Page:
Saturday, May 3, 2014

GIrl, 8, taken from loving mother to live in one room with father (UK)

Kudos for Christopher Booker for an excellent piece.

Girl, 8, taken from loving mother to live in one room with father

Judges seem intent on moving children from one parent to another - even against their will

By Christopher Booker
4:00PM BST 03 May 2014

Anyone trying to penetrate the murky underworld of our “child protection” system may be struck by how the same curious patterns of behaviour continually recur, so that one can build up a picture of the more obvious ways in which this system has gone off the rails. One of the most disturbing is how often judges seem determined to remove children from a mother they have happily lived with all their lives, only to hand them over to a dysfunctional or even abusive father whom they do not wish to live with at all.

I have now followed many such baffling cases, like the one I reported a few months ago, where two boys, aged 14 and 11, were dragged from their beds by six police officers at 7.45 on Christmas morning, to be handed over at the other end of London to a father who had walked out on them years earlier. This resulted in such chaos, with the police being several times called to attend violent incidents between the boys and their father, that when the boys eventually managed to escape back to their mother, the social workers sensibly agreed that, despite the judge’s orders, they should remain with her.

Last week, another such case came my way, involving a girl of nearly nine, who has always lived with her mother and was bright, engaging and doing well at school. Her father, who left them years ago, has a long criminal record, was a drug addict, is currently unemployed and lives in a single room. The mother had not stood in the way of contact between the girl and her father, but when this eventually caused problems due to his behaviour, the courts became involved, along with a “guardian” from Cafcass, the Children and Family Court Advisory and Support Service (“making sure that children’s voices are heard”), and a psychologist hired by the local authority.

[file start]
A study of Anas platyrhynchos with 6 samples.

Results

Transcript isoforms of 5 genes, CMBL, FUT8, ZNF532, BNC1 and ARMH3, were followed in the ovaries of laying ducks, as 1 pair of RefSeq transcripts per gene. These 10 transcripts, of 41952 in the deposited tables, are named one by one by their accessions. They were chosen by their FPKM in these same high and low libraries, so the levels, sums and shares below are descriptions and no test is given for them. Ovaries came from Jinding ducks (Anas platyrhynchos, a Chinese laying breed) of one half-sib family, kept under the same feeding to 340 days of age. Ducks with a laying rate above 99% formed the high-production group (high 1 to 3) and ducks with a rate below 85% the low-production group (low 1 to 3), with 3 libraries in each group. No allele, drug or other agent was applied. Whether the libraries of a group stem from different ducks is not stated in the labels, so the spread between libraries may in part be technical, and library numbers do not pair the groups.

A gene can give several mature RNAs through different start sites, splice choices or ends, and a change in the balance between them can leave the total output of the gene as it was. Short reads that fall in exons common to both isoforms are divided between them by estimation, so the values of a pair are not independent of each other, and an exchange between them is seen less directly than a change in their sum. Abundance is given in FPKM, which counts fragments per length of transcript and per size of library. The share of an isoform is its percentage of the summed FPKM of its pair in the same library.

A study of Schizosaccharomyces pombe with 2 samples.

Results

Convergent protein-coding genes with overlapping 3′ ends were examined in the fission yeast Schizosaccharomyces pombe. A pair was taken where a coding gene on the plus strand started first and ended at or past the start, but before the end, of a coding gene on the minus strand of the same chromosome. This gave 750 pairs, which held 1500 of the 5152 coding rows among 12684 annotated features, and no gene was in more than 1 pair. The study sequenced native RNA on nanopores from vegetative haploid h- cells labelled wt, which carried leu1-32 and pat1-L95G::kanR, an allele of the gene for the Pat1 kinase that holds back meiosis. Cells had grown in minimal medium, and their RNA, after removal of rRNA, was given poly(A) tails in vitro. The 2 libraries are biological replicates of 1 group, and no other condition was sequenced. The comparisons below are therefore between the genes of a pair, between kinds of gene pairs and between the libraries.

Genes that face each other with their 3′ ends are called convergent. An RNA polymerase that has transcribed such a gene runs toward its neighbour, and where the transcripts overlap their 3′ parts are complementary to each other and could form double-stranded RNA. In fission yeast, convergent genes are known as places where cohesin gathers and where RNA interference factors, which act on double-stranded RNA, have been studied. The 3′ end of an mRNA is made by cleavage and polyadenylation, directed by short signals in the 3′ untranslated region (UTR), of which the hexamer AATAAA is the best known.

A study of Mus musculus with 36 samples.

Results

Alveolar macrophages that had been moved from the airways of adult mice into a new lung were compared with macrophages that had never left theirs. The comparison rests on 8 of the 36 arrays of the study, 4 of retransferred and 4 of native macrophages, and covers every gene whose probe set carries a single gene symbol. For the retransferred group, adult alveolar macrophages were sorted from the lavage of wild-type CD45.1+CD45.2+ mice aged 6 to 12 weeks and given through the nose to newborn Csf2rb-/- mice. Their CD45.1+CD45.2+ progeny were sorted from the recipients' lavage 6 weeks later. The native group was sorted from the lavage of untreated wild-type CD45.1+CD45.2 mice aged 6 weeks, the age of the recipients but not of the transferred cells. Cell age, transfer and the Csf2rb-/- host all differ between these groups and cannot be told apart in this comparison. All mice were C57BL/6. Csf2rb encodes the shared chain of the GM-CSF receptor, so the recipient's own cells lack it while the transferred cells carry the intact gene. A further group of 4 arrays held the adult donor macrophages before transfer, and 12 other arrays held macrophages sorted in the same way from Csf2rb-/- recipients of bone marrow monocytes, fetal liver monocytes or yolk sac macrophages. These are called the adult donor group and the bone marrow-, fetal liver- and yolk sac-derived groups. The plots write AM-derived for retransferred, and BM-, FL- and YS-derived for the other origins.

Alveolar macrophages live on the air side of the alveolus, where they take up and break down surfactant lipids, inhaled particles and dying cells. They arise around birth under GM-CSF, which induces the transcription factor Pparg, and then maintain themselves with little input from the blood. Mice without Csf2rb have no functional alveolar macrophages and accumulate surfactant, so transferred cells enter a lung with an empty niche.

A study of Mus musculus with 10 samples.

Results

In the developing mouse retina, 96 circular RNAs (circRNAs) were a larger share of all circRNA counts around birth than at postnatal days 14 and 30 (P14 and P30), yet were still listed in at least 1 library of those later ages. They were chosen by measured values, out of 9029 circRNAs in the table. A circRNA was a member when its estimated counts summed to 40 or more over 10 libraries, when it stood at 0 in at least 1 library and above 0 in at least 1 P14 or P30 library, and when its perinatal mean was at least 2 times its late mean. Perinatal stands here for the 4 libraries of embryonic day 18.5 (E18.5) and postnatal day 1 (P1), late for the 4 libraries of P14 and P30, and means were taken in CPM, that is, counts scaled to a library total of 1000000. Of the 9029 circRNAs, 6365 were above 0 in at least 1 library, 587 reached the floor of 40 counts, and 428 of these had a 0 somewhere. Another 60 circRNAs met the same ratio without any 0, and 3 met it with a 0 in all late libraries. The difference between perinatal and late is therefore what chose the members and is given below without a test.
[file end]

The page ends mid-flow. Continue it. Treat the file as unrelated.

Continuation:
Last month, as I gather from someone present in court, the judge, Mrs Justice Williscroft, quite unexpectedly seemed to have changed her mind. She ruled that the girl must leave her comfortable home and be given over to the permanent care of her father, in his single room. For the time being, the child and her mother could have no contact. Unsurprisingly, the girl ran back to her mother, but had to be returned, in accordance with the judge’s wishes, to the father.

Not the least disturbing way in which this parallels other cases I have followed is that, although the girl was desperate to appear in court to say that she did not wish to live with her father, the judge, I am told, ruled that this could not be allowed, because it would be “emotionally abusive”. Repeatedly I have come across this happening, even though Article 12 of the UN Convention on the Rights of the Child, passed into British law in 1992, clearly states that one of those rights is for the child’s voice “to be heard in any judicial proceedings”, and if appropriate, “directly”. Yet in every case where I have heard of an articulate child demanding this statutory right, the judge has denied it, preferring to listen to a Cafcass guardian who wished to express a view flatly opposed to the child’s wishes.

In this case, I am told by the mother’s legal advisers, there are so many question marks over the way the judge handled the case that she is seeking permission from another judge to appeal. But the more general question that arises is: why do so many judges think it right to remove children from a mother who is their chief centre of love and security, and expect them to live with a long-absent father who cannot possibly give them the same?

As with so much else that goes on in our “child protection” system, it seems to make a total mockery of that constantly intoned mantra derived from the 1989 Children Act: “The child’s interests are paramount.” This is a very strange business, to which I shall return.